Years ago, when Flickr, the photo-sharing website, first appeared on the scene, the designers delighted their users with a variety of interesting innovations. One of those innovations was something that now seems strikingly simple in concept: a customized home page.
At that time, practically every other website had a standard home page. When a user typed in the site’s main URL, they saw an identical page to every other user.
Flickr’s page was different. When registered users typed Flickr.com into their browser’s address bar, they saw a personalized page complete with their own latest uploads and recent pictures from their friends and contacts. We interviewed users who told us they found the personalized page very exciting, including the happy “Hello” that appeared in a different language each time they visited.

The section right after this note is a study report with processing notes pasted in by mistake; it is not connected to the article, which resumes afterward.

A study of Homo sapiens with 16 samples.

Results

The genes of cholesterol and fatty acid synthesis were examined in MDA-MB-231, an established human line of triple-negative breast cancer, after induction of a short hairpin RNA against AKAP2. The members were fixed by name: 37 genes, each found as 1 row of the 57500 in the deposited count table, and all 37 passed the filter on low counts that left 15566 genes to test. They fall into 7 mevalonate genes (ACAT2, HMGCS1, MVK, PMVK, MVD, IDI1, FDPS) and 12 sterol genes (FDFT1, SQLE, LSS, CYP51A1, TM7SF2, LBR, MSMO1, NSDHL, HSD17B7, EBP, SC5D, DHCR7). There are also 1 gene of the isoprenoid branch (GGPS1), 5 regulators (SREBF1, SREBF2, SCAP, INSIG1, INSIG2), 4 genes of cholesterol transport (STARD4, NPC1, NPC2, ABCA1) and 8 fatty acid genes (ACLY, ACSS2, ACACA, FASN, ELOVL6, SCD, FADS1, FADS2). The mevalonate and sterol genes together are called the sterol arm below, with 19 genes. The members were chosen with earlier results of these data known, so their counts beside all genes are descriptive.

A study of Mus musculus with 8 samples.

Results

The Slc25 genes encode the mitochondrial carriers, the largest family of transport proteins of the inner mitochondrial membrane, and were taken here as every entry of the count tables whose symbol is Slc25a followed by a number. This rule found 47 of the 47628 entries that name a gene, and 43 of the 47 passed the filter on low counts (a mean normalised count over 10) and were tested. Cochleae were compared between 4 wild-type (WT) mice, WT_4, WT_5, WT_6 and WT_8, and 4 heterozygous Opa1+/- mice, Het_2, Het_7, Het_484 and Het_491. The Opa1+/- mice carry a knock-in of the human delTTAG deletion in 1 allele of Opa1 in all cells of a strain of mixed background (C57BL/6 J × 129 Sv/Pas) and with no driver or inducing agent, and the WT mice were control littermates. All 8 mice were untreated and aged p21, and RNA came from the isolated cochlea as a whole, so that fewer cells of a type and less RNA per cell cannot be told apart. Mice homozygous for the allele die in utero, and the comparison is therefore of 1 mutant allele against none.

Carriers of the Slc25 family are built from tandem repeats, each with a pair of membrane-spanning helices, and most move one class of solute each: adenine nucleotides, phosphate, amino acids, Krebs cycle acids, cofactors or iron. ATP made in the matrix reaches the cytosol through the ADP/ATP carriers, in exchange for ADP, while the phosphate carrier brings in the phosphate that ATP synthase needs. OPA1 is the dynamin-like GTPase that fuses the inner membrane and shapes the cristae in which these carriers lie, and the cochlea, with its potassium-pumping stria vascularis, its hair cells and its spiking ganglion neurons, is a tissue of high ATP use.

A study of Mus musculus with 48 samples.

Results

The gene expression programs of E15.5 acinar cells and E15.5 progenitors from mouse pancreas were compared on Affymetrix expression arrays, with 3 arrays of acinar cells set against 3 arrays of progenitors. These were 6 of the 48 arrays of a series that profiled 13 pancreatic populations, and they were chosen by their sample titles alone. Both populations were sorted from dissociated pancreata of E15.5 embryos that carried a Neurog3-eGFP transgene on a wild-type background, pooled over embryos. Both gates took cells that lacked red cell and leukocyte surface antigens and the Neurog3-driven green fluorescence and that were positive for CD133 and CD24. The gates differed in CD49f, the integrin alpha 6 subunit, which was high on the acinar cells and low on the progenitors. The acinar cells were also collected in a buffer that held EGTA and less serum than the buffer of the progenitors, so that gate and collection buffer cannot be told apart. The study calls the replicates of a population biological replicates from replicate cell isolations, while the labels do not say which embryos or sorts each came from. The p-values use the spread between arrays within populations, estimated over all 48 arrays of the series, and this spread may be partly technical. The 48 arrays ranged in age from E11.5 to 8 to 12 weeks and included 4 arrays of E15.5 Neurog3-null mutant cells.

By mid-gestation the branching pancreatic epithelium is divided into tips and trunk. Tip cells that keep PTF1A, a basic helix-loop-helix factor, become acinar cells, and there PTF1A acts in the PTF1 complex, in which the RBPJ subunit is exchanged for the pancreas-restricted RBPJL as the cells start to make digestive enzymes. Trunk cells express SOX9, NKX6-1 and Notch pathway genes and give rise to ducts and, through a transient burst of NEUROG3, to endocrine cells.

It wasn’t very long before other sites started incorporating similar capabilities. We saw many sites with a personalized dashboard showing recent activity. We even saw other sites copy the multilingual greeting prompt.
The interesting thing is, as these innovative features propagated into other sites’ designs, they became less remarkable and less delightful to those sites’ users. These users rarely mentioned the features and never seemed as excited about it as those initial Flickr users did.
The Kano Model — A tool for sophisticated designers
Years ago, we came across the work of Noriaka Kano, a Japanese expert in customer satisfaction and quality management. In studying his writing, we learned about a model he created in the 1980s, known as the Kano Model.
This model predicted users’ reactions as the key elements of Flickr’s personalized home page appeared on other websites. It predicted why users were initially delighted and why the delight faded over time.
We find the Kano Model to be an indispensable tool for designers. Let’s take the model apart, so we can understand why it’s so useful.